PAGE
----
Aleksandr Vasilyevich Samsonov
Alexander V. Samsonov.png
Samsonov in 1913
Born(1859-11-14)14 November 1859
Andreevka, Kherson Governorate, Russian Empire (now Ukraine)
Died30 August 1914(1914-08-30) (aged 54)
Willenberg, East Prussia
(now Wielbark, Poland)
Allegiance Russian Empire
Service/branchRussian Empire Imperial Russian Army
Years of service1877–1914
RankGeneral of the Cavalry
Commands heldWarsaw Military District (1906–?)
Second Army (1914)
Battles/warsBoxer Rebellion
Russo-Japanese War

World War I

Awardssee below


Samsonov was born in Kherson Governorate of the Russian Empire in what is now part of Ukraine. After graduation from the Vladimir of Kiev Cadet Corps and elite Nikolaev Cavalry School, he joined the Imperial Russian Army at age 18 as a cornet in the 12th Hussars Regiment.[citation needed]

Samsonov fought in the Russo-Turkish War, 1877–78. After this war he attended the Nikolaevsky Military Academy in St. Petersburg.[1] On November 4, 1888, he was appointed senior aide to the staff of the 20th Infantry Division, and from July 10, 1885, to February 4, 1889, served as Senior Staff Adjutant to the Caucasus Grenadier Division. From March 11, 1890, through July 26, 1896, he worked at various assignments at the Warsaw Military District. He subsequently became commandant of the Elisavetgrad Cavalry School. During the Boxer Rebellion (1900), Samsonov commanded a cavalry unit. During the Russo-Japanese War (1904–1905), Samsonov commanded a cavalry brigade of the Ussuri Siberian Cossack Division. He was promoted to command all Russian cavalry forces in the First Siberian Army Corps following the Russian defeat at the Battle of Telissu. His forces subsequently protected the Russian flanks at the Battle of Liaoyang.[1] Through these conflicts Samsonov gained a reputation as an energetic and resourceful leader, but some observers criticized his strategic abilities. After the Battle of Mukden in 1905, he accused General Paul von Rennenkampff of failing to assist him during the fighting. The ensuing quarrel made the two mutual lifetime enemies.[citation needed]

In 1906, Samsonov became Chief of staff of the Warsaw Military District, and in 1909 was Governor-General of Russian Turkestan and commander of the Turkestan Military District.[1] He was also commander of the Semirechye Cossacks.[citation needed]

At the start of World War I, Samsonov received the command of the Second Army for the invasion of East Prussia. He advanced slowly into the south-western corner of East Prussia, intending to link up with General Rennenkampf's forces, which had started advancing from the north-east section. However, lack of communication between the two hindered co-ordination.[citation needed]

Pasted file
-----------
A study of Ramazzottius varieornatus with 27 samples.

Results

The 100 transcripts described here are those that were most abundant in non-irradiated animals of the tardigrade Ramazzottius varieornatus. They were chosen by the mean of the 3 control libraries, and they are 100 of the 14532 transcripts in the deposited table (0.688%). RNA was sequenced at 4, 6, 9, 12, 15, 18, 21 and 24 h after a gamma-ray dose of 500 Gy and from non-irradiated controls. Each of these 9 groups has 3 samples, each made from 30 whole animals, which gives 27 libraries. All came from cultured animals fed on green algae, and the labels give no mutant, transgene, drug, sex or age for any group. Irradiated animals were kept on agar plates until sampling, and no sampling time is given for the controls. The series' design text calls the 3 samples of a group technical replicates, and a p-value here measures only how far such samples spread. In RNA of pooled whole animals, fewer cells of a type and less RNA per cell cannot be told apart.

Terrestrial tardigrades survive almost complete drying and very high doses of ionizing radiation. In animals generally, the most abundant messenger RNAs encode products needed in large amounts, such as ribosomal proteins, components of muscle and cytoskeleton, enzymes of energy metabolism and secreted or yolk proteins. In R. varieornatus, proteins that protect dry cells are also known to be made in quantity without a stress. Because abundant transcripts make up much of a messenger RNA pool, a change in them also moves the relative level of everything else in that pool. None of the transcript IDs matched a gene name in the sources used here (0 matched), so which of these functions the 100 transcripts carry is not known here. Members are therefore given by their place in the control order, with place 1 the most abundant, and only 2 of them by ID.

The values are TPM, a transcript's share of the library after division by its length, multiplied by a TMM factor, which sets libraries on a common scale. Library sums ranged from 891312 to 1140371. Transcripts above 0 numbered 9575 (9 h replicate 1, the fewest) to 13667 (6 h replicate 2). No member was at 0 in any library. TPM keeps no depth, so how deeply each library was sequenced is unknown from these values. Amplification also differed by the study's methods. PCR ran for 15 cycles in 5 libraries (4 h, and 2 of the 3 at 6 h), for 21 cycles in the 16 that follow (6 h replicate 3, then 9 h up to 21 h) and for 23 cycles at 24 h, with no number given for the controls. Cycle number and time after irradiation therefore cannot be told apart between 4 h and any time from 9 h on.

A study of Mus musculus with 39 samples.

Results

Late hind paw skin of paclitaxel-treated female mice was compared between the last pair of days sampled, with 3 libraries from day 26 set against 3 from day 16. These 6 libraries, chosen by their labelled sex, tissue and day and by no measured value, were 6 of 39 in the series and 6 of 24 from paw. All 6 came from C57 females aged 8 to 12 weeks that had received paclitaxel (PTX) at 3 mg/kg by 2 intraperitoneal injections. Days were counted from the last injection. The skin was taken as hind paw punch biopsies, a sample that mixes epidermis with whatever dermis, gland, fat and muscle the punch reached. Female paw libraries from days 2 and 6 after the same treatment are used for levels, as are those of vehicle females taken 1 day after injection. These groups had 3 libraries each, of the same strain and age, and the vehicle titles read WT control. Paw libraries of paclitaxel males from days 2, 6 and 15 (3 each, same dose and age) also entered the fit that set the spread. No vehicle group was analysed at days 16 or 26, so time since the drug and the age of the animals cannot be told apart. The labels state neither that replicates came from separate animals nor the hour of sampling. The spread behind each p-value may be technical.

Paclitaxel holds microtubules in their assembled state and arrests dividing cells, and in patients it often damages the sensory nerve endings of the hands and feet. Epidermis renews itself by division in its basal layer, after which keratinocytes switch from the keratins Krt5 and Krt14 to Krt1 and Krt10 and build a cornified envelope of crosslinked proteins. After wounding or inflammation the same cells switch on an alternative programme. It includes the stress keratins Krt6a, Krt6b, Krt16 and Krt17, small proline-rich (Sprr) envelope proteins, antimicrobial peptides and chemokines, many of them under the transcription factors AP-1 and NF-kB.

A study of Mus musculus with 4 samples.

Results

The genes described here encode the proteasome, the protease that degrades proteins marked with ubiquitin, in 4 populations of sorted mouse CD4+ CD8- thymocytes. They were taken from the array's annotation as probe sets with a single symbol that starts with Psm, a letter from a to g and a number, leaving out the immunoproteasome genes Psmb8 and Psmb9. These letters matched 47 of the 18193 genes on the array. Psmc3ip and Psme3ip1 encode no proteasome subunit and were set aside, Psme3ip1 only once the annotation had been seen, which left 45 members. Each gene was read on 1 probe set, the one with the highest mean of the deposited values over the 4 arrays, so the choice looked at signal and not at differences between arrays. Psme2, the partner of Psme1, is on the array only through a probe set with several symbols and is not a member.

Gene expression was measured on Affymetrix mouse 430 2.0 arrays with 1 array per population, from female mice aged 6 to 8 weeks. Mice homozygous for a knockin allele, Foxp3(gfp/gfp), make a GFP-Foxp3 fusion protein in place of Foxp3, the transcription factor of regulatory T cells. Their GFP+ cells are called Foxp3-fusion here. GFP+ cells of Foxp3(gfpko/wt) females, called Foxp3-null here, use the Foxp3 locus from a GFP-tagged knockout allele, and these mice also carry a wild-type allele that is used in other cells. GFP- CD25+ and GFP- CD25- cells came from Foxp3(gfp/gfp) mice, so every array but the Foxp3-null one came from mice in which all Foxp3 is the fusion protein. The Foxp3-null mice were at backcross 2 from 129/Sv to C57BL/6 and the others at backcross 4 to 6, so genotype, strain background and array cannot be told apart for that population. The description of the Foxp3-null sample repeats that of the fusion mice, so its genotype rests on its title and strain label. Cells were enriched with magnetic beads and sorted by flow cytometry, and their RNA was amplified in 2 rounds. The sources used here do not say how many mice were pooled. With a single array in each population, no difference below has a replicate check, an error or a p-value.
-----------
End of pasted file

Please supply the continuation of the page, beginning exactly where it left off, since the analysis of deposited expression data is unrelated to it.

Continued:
General (later Field Marshal) Paul von Hindenburg and General Erich Ludendorff, who arrived on the Eastern Front to replace General Maximilian von Prittwitz, engaged Samsonov's advancing forces. They made contact on August 22 and for six days the numerically superior Russians had some success. However, by August 29 the Germans, who were intercepting Russian wireless communications,[2] had surrounded Samsonov's Second Army in the woods between Allenstein and Willenberg. The rout that followed was soon dubbed "the (Second) Battle of Tannenberg".[citation needed]

Samsonov attempted to retreat, but with his army now trapped in a German encirclement, the German Eighth Army killed or captured most of his troops. Only 10,000 of the 150,000 Russian soldiers managed to escape the encirclement. Shocked by the disastrous outcome of the battle and unable to face reporting the scale of the disaster, for which he knew he would be held responsible to Tsar Nicholas II, Samsonov committed suicide on August 30, 1914, near Willenberg. His body was found by a German search party, a bullet wound in his head and a revolver in his hand.[3][4] In 1916 his body was handed over by the Germans to his wife, through the intercession of the International Red Cross.[citation needed]



  1. ^ a b c Kowner, Historical Dictionary of the Russo-Japanese War, pp. 341–42.
  2. ^ David Kahn, The Codebreakers – The Story of Secret Writing, 1967, ISBN 978-0-684-83130-5, Ch. 16.
  3. ^ Biography(in German) Archived 2008-12-01 at the Wayback Machine
  4. ^ Alexander Solzhenitsyn, in August 1914 (1971) which traces the course of the battle, also implies suicide.
  • Connaughton, R.M (1988). The War of the Rising Sun and the Tumbling Bear—A Military History of the Russo-Japanese War 1904–5, London, ISBN 0-415-00906-5.
  • Jukes, Geoffry. The Russo-Japanese War 1904–1905. Osprey Essential Histories. (2002). ISBN 978-1-84176-446-7.
  • Warner, Denis & Peggy. The Tide at Sunrise, A History of the Russo-Japanese War 1904–1905. (1975). ISBN 0-7146-5256-3.